Thanksgiving on the brain

I’m watching “Thanksgiving Live” on the Food Network now.  It’s the end of the show, all the chefs are around the table and sharing their final tips.  Most of them have to do with defrosting, prepping and roasting the turkey.

I’m not a fan of turkey, but what I always liked about Thanksgiving growing up was the incredible variety of food at the table, not to mention the sheer quantity of it.  Even with eight people at the table, there was enough food for sixteen or twenty, and most of it was consumed by my grandfather, my father and his two brothers.

I didn’t grow up with cranberry sauce or candied sweet potatoes on the Thanksgiving table–my mother is from Italy, and if she had it her way we wouldn’t be eating turkey, but my father’s family loved the stuff (and they ate everything she put in front of them).  My mom roasted a turkey, yes, but she also made roast beef.  My father loved rare red meat more than anything, and I followed suit.  From the time I was old enough to chew, I was eating meat, and I liked it almost bloody.

Our Thanksgiving meal began with a pasta course, which was a delight to me since the only thing I loved more than rare meat was pasta.  When it came time for the main course, there would be the turkey, the roast beef, the stuffing (the ultimate favorite of the day, as it was made with sausage. So good!), mashed potatoes, baked sweet potatoes, spinach, a roasted squash of some kind, bread, salad, and cauliflower or broccoli.  Dessert happened a few hours later, and that was another course unto itself: lemon meringue pie (for Dad), two pumpkin pies (one for Grandpa, the other for everyone else), roasted chestnuts (for Mom, Nonna and me), a plate of cookies (all made by mom), and a cheesecake, which was brought by another member of the family.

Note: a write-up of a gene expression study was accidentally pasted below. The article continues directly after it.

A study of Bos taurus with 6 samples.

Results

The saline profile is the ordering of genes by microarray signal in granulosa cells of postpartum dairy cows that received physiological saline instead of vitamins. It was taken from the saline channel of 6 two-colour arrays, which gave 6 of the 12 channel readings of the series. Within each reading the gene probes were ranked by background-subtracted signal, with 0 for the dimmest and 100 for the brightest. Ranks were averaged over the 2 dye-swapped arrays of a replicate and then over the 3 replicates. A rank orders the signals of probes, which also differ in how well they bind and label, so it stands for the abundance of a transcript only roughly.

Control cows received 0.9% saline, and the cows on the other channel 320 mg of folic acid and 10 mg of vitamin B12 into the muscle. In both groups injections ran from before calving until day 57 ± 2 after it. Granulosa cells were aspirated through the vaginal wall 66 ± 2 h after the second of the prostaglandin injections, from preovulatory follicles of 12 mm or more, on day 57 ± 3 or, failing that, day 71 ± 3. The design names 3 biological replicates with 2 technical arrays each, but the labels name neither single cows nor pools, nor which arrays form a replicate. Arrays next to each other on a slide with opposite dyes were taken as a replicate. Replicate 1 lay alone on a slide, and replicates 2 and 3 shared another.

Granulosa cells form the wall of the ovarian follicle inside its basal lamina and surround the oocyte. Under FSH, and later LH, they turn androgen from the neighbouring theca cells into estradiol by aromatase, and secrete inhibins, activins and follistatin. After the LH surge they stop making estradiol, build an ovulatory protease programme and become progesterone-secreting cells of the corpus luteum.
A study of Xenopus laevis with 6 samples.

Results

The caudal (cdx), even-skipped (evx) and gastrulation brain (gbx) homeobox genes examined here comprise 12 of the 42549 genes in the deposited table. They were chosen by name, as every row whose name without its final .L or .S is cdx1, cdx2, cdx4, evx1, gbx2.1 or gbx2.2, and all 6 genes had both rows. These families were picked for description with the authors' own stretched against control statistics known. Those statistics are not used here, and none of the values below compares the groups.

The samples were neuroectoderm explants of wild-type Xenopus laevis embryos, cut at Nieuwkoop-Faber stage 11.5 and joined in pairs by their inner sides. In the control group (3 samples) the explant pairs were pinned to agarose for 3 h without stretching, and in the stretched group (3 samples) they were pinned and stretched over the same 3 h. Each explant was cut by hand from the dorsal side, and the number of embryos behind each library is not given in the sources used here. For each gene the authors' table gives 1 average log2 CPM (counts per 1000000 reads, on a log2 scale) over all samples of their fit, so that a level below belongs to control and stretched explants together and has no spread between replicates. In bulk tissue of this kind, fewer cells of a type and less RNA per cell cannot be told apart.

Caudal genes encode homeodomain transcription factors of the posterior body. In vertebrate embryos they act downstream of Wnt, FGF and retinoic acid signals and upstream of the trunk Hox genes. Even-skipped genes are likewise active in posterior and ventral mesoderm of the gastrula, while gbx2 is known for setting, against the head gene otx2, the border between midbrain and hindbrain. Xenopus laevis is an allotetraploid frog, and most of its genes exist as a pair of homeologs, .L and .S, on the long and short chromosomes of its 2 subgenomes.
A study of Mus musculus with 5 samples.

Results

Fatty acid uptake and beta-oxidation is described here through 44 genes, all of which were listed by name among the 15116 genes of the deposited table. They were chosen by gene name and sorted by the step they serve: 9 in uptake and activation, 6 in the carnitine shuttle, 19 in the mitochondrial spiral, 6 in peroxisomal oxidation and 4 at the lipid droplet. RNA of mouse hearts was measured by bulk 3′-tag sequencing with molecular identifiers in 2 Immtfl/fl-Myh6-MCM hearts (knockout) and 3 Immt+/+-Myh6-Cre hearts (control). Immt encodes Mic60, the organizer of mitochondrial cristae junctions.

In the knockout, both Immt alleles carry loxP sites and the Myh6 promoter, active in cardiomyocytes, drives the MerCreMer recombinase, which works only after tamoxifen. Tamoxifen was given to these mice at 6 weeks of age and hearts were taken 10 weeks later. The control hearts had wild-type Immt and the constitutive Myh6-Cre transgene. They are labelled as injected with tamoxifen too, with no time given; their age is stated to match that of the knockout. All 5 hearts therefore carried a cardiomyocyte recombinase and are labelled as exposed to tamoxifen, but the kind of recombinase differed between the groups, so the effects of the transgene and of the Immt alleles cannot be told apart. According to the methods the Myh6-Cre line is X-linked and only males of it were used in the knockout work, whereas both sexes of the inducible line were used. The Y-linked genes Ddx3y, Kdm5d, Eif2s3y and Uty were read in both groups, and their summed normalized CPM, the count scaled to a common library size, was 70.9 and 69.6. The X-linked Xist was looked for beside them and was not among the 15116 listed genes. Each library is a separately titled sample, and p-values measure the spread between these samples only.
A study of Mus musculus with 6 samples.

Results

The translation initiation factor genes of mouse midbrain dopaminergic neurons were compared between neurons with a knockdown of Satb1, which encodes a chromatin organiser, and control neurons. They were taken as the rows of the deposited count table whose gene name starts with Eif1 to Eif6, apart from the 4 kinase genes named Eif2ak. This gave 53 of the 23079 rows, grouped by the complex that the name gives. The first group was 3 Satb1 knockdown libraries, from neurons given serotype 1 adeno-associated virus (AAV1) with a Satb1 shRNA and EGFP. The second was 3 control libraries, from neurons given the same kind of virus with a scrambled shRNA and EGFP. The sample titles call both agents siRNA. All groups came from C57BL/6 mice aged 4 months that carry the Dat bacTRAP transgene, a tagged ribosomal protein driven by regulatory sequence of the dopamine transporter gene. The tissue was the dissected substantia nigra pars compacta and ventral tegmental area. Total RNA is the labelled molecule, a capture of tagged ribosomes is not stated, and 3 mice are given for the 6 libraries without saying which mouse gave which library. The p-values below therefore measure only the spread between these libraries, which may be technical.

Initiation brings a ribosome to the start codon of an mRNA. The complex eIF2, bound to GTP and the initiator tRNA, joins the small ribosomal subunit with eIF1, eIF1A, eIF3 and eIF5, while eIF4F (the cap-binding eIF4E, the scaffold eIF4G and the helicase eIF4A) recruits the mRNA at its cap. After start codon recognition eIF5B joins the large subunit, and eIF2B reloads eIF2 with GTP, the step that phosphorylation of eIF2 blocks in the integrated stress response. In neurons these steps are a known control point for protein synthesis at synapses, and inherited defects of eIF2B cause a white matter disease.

My holidays became more complicated than celebratory when my parents split up.  Thanksgiving became Dad’s holiday, and we spent it in Long Island with his best friend from college and his family.  I missed my mom, but I loved this extended family, and I liked being with a lot of people at a really big table covered with a lot of food.  I was introduced to turnips, which were tender and buttery, and cranberry sauce, tart, delicious, and a great mask for turkey’s… well, turkey-ness.  The stuffing on the table those years didn’t hold a candle to my mother’s, but she’d always make it for me near the holiday, even if we didn’t eat a stuffable meat.

Many years later, I moved to California, and it was too expensive to fly home for Thanksgiving.  I spent my first Thanksgiving in LA at an orphan’s dinner.  A sketch comic I was working with had invited me, and there were a lot of orphans.  I brought corn bread and extra silverware.  The people were great, the food was tasty, and the wine flowed.  And then the whiskey flowed.  It was a good holiday.

The following year, I cooked my first Thanksgiving meal for my friend Pam, her daughter Cassaundra, and myself.  Pam and Cassaundra drove up from San Diego and spent the weekend. I made cornish game hens, stuffing, mashed potatoes, salad, and bought an apple pie for dessert.  Pam made collard greens (and did wonders with the leftovers the next day).  We ate happily, and I felt proud and relieved. I cooked a major holiday meal, and even if it was for a small crowd, it was a very happy crowd.  We weren’t alone, and we had good food – that was enough to be thankful for.